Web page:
Samoa declares state of emergency after measles deaths

Samoa has declared a state of emergency after several deaths linked to a measles outbreak, closing schools and placing restrictions on public gatherings.

Some 14 children under the age of five and one adult have died from the epidemic in the South Pacific island nation, the United Nations children’s agency UNICEF confirmed Tuesday.

The Samoa Ministry of Health declared a measles outbreak on October 16, according to UNICEF, who said there had been more than 1000 suspected cases so far.

Schools have been temporarily shut and children under the age of 17 have been advised by government officials not to attend public gatherings to stop the spread of the disease, UNICEF said.

Measles has seen a wide resurgence around the world — in both high-income countries in the Americas and Europe and lower-income nations in Asia and Africa — fueled in part by fear of and lack of access to vaccines, and complacency.

Almost 350,000 measles cases were reported globally in 2018, according to UNICEF — more than doubling from 2017.

On Monday, Winston Peters, New Zealand’s foreign affairs minister, said his country would send vaccination nurses and a medical assistance team of doctors and nurses to Samoa to support the country’s immunization program.

“On 15 November the Government of Samoa declared a State of Emergency as the numbers of people infected with measles continues to rise and the hospital system is under strain,” Peters said.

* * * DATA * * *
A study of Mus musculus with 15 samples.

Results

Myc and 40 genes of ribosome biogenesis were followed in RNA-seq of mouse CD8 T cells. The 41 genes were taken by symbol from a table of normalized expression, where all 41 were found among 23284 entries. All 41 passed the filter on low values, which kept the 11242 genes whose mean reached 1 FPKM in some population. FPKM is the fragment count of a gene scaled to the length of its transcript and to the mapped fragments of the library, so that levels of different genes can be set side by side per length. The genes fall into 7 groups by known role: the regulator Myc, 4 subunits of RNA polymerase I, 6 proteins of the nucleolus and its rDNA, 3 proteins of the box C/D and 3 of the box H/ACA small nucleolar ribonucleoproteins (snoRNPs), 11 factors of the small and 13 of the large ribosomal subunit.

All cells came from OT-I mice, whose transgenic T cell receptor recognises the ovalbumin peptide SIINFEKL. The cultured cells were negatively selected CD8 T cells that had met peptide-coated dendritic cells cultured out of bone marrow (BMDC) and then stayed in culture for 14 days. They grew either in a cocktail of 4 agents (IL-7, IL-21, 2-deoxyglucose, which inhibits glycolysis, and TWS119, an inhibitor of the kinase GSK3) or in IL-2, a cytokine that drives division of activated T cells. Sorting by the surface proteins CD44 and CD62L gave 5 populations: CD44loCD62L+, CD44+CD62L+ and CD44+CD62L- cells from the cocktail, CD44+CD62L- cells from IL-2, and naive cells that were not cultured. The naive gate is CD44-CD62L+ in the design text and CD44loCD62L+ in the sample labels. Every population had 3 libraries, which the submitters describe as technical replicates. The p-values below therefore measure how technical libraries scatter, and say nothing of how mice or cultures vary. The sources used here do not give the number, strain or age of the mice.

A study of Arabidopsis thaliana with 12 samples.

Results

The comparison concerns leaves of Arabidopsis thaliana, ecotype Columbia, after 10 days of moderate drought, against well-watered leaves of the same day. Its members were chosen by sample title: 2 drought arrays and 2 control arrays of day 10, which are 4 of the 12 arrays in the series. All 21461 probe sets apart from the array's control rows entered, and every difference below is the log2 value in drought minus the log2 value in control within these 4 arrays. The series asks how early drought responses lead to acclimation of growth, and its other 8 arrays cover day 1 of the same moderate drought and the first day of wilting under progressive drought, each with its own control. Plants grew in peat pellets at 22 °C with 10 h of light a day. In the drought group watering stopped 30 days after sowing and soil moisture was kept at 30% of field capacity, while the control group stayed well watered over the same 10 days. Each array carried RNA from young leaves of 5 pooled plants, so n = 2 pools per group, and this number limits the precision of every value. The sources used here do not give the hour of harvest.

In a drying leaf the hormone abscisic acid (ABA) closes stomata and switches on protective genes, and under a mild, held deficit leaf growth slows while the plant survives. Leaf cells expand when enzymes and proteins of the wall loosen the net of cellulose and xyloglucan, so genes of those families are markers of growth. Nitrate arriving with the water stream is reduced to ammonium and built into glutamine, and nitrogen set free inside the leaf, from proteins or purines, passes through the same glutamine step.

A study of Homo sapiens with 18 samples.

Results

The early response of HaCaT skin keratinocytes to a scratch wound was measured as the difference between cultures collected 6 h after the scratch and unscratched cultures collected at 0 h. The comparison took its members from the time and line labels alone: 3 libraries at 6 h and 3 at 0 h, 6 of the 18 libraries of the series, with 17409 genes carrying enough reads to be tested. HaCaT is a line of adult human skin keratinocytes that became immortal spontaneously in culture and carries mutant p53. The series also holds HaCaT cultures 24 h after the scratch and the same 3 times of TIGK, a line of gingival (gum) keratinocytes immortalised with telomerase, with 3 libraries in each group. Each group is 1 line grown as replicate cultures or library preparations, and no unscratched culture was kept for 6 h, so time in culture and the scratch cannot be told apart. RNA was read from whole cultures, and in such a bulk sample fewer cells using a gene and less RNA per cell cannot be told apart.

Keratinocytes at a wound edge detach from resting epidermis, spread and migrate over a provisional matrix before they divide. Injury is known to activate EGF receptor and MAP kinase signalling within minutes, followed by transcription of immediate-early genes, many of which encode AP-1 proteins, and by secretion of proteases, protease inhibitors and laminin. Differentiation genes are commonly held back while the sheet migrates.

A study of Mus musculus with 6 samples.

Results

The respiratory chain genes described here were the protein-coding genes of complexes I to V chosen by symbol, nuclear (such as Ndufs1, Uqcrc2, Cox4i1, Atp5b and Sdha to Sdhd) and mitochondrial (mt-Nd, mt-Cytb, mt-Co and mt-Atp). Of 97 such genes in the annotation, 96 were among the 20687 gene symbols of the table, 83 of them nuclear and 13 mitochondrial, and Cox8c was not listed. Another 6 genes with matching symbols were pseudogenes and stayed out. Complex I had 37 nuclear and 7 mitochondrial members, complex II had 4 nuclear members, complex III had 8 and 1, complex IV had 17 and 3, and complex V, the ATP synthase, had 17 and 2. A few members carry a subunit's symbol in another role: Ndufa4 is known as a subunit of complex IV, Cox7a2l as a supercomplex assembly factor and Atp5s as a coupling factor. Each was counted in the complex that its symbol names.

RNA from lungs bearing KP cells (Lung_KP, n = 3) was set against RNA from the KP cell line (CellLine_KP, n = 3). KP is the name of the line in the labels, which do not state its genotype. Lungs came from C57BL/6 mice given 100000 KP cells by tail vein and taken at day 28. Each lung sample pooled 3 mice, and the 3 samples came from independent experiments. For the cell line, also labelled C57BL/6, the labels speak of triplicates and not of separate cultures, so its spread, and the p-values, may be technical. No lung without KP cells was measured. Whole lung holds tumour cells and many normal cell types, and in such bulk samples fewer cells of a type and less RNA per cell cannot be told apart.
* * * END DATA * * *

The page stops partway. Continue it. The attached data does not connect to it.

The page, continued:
“Measles is highly contagious, and the outbreak has taken lives in Samoa. It is in everybody’s interests that we work together to stop its spread,” Peters said in a separate statement on Friday.

David Durrheim, conjoint professor at the School of Medicine and Public Health at the University of Newcastle in Australia, told CNN affiliate SBS News that Samoa has long had low levels of vaccination.

According to the World Health Organization, roughly 95% of a population needs to be vaccinated with two doses of the measles vaccine to ensure herd immunity.

Measles coverage in Samoa was 40% for the first dose of the vaccine in 2018 and 28% for the second dose, according to UNICEF.

“This latest outbreak in Samoa shows us how important it (is) for vaccination programs to reach children with lifesaving vaccines all over the world,” Robin Nandy, UNICEF’s chief of immunization, told CNN in a statement.

“We are alarmed that measles cases globally have increased in 2019. This has happened largely due to a combination of conflict, insecurity, a breakdown or interruption in services and mistrust of vaccinations,” he added.

In Tonga, another South Pacific nation, the Ministry of Health confirmed an outbreak of measles following the return of Tongan rugby players from New Zealand, where one player developed the illness.

In a report released on Wednesday, the ministry said 251 cases of confirmed or suspected measles have been identified.